This is definitely one of my favourite times of the year when the bluebells are out, there’s greenery everywhere and there’s no doubt at all that the Earth is coming back to life.
There seem to have been so many of them around this year too!
I love that first haze of blue as the flowers begin to open.
And even within a week, there are more and more of them …
And the scent of them, it’s fabulous! My sense of smell has diminished over the last few years to the point that it has to be a certain type of smell for me to notice it (nothing at all Covid-related, I’ve decided I’ve squashed something in my nose by wearing my reading glasses on the end of it for years – definitely not a medical opinion! 😀 ) but even I am bowled over by the scent as soon as I step into the woods.
The bluebells in these woods are native British ones (Hyacinthoides non-scripta) and I have some of them in my garden too. The leaves are narrow, the flowers are a deep violet blue and the tips of the flowers curl back.
I’ve also got plenty of these too …
These are Spanish bluebells, a more vigorous variety which are taking over some of the native habits in the wild and are also hybridising with the native bluebells. I have to say, I hadn’t really noticed that there was much difference between the numbers of each that I had in my garden, but this year I did. The native ones in the top picture are pretty much the only ones I could find whereas I’ve got plenty of the others.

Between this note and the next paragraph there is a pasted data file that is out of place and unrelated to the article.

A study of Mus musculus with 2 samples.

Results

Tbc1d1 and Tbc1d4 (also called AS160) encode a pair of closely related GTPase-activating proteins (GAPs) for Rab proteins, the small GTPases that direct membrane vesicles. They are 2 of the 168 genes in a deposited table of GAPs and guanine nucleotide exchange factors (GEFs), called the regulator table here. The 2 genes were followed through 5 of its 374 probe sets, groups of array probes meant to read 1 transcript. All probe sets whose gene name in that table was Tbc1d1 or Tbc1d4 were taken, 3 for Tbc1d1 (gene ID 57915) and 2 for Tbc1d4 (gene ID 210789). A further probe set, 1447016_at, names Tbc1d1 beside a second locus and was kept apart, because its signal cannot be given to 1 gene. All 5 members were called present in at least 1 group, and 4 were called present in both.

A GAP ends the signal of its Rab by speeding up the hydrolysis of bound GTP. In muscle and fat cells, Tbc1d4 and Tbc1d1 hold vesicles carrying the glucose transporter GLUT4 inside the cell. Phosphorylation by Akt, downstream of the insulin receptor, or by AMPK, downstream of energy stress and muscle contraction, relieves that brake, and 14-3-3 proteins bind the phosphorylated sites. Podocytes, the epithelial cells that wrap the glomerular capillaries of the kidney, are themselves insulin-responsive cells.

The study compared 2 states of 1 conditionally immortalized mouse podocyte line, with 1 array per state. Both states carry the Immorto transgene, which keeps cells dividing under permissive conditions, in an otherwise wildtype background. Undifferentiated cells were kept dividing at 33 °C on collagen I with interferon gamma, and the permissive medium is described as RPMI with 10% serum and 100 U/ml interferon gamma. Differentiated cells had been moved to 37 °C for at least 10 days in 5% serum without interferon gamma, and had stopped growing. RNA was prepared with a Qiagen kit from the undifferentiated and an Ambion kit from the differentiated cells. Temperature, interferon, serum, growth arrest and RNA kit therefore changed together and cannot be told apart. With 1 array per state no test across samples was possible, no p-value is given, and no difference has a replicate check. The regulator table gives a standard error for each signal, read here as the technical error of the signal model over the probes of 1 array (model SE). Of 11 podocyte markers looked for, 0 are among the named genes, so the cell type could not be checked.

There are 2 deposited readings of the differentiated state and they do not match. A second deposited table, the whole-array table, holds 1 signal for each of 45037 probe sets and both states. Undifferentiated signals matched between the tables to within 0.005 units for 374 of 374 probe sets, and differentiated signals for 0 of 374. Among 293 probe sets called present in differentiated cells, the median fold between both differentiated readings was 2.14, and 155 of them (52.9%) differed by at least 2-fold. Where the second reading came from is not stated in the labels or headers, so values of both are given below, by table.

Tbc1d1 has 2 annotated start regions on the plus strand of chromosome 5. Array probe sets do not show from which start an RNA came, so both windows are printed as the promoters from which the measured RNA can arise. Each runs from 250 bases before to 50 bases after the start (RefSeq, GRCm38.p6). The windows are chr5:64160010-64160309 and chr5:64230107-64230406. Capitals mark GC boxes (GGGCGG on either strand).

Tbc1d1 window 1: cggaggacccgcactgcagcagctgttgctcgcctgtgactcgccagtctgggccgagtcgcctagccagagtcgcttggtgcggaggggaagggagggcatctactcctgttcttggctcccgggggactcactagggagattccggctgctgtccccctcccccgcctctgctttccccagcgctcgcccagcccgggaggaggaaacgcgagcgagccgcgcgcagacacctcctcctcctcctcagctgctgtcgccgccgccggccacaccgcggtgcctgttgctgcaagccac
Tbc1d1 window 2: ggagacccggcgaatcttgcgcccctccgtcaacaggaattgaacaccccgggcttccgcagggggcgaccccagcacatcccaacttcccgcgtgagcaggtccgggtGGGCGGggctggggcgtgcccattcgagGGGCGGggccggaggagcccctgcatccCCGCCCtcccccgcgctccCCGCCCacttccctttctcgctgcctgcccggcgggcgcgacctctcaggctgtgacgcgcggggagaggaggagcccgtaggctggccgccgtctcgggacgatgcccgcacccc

You can spot the Spanish bluebells as their leaves are broader, their flowers are paler blue and often white or pink as well, and they don’t have a smell like the native ones do. This website has a good description of the differences if you want to check for yourself.
If I’m honest, it wasn’t until I was putting the photos together for this blog post that I really stopped to look at the bluebells in the photos, and I realised that not only do I have the Spanish bluebells in my garden, but they were here in these woods too.
They look so pretty all together, don’t they?
But there are very definitely white, pink and bluebells here in these woods which means that they’re not the native variety.
It’s a bit sad now that I know as there will have been masses of native bluebells here once and now they’re gone, but I guess this is how Nature is. The custodians of the woods will need to take a view as to whether they want to leave them or try to encourage the original bluebells back – and of course that all take resources and effort that isn’t always available.
It’s made me think that once the Spanish bluebells in my garden have finished flowering, I’m going to dig the bulbs up. They’ve really spread in the borders so I don’t mind the idea of thinning them out anyway, but I would like to encourage my little patch of native ones to recover. It would be a shame to think that they might disappear completely, and it would be lovely to have enough of them to produce a scent that even I can smell!